3 PTO Pitfalls Your Business Should Avoid
The average employee receives 11 days of paid time off per year, according to a 2018 PTO survey by TSheets. But nearly a third of employees surveyed say they get five days or fewer per year, with 16 percent reporting no time off.
If you’re considering making a change to your PTO policies, it’s important to understand how employees use their time off and how policy changes can help or hurt your business in the long run. From what we’ve learned, encouraging employees to take time off when they need it can ensure they’re using it for vacation, holidays, rest, relaxation, recovery, and other personal matters — and coming back to work ready to do their best.
In this post, we’ll share three common PTO pitfalls and explain why you should avoid them for the health and longevity of your employees and business.
1. Working, Not Resting, On Sick Days
We’ve all had those days when work can’t wait, even for a cold. Still, coming to work with an illness because sick leave isn’t available or isn’t taken could be detrimental to your whole team. Unfortunately, it still seems to be very common practice. Among the surveyed employees, the vast majority (89 percent) admitted to putting work before rest when they’re sick. While almost 1 in 5 of them admitted to doing this more than once a month, only 11 percent said they never go to work sick.
It’s a vicious cycle, really. If employees don’t feel empowered to take sick days and end up working with a contagious illness, other members of your team are more likely to fall ill. Not only will this hurt productivity, but it can create stress and decrease morale.
There are two things you can do to ensure that your workforce stays healthy. One is to give employees paid hours to rest and get better. The other is to empower them to do so. Without the pressure to work when they should be seeing a doctor, your employees will be back on their feet faster and nobody will have to be “that guy” who gets their coworkers sick.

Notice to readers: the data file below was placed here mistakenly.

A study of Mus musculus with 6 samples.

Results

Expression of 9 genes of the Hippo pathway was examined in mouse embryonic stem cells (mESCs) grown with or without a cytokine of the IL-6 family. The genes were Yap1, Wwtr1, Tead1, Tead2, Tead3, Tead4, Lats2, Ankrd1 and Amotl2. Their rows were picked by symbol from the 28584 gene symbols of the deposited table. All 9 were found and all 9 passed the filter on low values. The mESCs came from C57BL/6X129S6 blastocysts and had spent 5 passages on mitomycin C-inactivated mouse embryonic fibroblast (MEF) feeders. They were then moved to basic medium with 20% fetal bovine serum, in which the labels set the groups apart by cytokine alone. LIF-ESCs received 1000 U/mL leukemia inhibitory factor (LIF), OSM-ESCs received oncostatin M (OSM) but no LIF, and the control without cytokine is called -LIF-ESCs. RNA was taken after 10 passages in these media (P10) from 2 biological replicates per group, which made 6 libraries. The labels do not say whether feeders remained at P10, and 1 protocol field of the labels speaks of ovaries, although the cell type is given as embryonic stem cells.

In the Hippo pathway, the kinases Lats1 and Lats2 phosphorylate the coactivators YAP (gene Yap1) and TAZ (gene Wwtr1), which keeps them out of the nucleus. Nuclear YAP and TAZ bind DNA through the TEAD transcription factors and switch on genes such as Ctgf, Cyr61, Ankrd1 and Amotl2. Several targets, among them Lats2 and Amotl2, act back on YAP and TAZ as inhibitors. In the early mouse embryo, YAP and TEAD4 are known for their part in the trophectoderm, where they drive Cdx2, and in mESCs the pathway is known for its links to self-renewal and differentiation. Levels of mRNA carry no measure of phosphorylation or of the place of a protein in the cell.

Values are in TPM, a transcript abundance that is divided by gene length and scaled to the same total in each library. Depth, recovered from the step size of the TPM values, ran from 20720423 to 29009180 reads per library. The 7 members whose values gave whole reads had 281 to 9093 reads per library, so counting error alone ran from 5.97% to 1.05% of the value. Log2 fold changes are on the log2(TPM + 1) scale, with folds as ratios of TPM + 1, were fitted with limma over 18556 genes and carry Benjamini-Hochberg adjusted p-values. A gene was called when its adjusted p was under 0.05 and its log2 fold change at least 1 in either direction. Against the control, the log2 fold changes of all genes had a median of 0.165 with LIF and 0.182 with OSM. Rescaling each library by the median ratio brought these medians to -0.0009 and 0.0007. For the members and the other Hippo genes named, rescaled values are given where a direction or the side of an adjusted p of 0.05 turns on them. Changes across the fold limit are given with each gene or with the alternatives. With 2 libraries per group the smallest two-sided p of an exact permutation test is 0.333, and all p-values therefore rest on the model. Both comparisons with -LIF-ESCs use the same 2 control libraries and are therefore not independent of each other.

2. Staying Plugged in On Vacay
Speaking of employee empowerment, when was the last time you got a work-related email from someone who was supposed to be on vacation? When employees were asked about their time “away” from work, almost two-thirds who took a paid vacation last year admitted to working during their trips.
It may be easier said than done, but unplugging on vacation is the only way to leave work at work and take advantage of time off. You can’t control when and where people decide to be productive, but you can encourage your employees to make the most of their vacations. That means no emails, no online chatting, no calendar invites, and no video conferences.
If an employee has a plan for how they’re going to manage their workload before and after their trip and who’s going to pick up any slack, let them know it’s absolutely fine to unplug. Need another resource? Travel and Leisure provides some useful tips on how to go on a “digital detox.”
3. Paying the Price for Discouraging Time Off
When weighing the pros and cons of creating a more robust paid leave benefit for your team, you must also consider the cost to your business and your employees if you decide to provide less paid time off.
Stress levels have been found to be higher among employees who don’t get PTO. Over half (51 percent) of employees surveyed, who don’t get or use PTO, said they often or always feel stressed. In addition, 58 percent of those stressed respondents describe that stress as “unhealthy.” It’s a well-known fact that stress can cause a myriad of health problems, and once your employees start to get sick — not to mention burned out — productivity surely suffers.
Some companies grant unlimited PTO to encourage employees to take care of their physical and mental health. Inc.com looked at several companies who have unlimited PTO policies to find out the advantages of offering employees time off whenever they need it. Employers cited such outcomes as increased engagement and retention and a more passionate culture based on trust.
Can’t go there quite yet? Simply empowering your employees is key. If you can convince employees their health is your priority, they’ll be more dedicated to their work while they’re on the clock.